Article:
In response to Riverside County Executive Officer Jay Orr’s initial warning in February about a threatening $100-million deficit for fiscal year 2016-17, which starts July 1, Supervisor Marian Ashley (5th District) offered a 16-point p lan to his colleagues.

Its purpose was to find ways to bridge the deficit problems until the CEO and board find long-term solutions to the growing financial issues.

The board asked Orr to assess and evaluate Ashley’s recommendations and to report back on March 29.

This is the same day the board would also receive the consultant’s report assessing the criminal justice agencies’ budgets.

In presenting the county’s assessment of Ashley’s proposals, Paul McDonnell, county finance director, wrote “A number of items are largely policy items and do not require significant additional review.”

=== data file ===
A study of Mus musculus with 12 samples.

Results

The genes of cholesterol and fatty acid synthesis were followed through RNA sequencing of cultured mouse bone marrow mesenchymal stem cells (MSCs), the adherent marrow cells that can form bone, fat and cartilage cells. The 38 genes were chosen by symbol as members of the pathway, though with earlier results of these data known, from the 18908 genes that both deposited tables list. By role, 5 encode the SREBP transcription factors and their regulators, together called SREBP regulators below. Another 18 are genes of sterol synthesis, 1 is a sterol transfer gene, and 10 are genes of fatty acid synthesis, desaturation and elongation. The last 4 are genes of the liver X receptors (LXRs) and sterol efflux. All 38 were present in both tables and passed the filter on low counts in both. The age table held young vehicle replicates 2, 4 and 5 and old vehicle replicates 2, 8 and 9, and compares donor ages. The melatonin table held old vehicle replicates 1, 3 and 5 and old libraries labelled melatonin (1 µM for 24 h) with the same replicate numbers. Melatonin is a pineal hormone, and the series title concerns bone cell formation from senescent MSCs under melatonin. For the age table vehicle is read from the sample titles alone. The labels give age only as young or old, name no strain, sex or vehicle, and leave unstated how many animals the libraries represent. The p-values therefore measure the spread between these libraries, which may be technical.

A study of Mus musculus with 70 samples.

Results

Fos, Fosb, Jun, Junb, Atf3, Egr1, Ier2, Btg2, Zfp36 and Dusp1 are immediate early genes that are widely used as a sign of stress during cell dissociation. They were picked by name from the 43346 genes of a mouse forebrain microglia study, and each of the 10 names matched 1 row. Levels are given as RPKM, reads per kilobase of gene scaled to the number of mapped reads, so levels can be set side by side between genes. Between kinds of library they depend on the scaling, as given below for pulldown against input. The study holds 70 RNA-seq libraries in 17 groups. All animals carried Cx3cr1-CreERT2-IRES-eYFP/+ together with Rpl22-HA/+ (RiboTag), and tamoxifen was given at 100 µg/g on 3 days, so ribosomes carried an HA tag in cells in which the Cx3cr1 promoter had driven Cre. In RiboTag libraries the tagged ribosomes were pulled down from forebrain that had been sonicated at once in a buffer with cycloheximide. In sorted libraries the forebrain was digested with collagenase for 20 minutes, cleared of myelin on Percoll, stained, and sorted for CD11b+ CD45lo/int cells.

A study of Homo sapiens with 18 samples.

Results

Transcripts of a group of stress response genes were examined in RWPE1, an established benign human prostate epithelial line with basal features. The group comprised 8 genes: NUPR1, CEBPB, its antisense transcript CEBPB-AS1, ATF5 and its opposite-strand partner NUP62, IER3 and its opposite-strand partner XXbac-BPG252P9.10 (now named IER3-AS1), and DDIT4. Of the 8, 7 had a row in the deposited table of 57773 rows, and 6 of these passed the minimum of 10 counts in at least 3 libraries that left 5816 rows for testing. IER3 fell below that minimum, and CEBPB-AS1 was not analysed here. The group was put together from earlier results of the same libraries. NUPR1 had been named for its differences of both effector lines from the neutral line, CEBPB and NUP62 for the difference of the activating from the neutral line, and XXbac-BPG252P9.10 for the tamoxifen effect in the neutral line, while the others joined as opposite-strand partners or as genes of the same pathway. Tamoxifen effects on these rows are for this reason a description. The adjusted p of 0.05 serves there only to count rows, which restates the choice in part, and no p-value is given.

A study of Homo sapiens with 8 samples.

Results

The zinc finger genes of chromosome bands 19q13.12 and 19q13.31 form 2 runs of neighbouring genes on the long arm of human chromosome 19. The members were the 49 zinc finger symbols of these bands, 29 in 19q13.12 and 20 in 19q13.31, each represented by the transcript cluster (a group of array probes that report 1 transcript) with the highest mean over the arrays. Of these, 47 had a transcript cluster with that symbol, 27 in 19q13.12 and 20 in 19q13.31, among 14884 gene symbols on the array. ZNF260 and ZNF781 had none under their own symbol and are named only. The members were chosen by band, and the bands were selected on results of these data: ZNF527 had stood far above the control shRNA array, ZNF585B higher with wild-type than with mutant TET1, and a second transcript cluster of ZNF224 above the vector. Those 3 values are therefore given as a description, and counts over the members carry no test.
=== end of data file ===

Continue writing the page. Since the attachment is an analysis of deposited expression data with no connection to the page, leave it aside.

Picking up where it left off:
Also, Ashley recommended creating a subcommittee to address budget matters and that has been established. Both Ashley and Supervisor John Tavaglione are its members and have already begun meeting.

Rather than adopting a full hiring freeze for all departments until July 2018, Orr recommended a position-control regime. This would allow managers to limit employee growth, yet respond to attrition during this period.

He also identified seven employee contracts that expire between June 30, 2016, and June 30, 2017. Salary increases and step raises will have to be addressed during the labor negotiations. Furloughs would be addressed after negotiations are completed.

With respect to capital improvement projects, Orr recommended delaying a decision until a 2016-17 budget is drafted and reviewed.

And he opposed the suggestion to return to a four-day work-week for all county offices. He estimated the savings to the county budget would be less than $100,000 annually.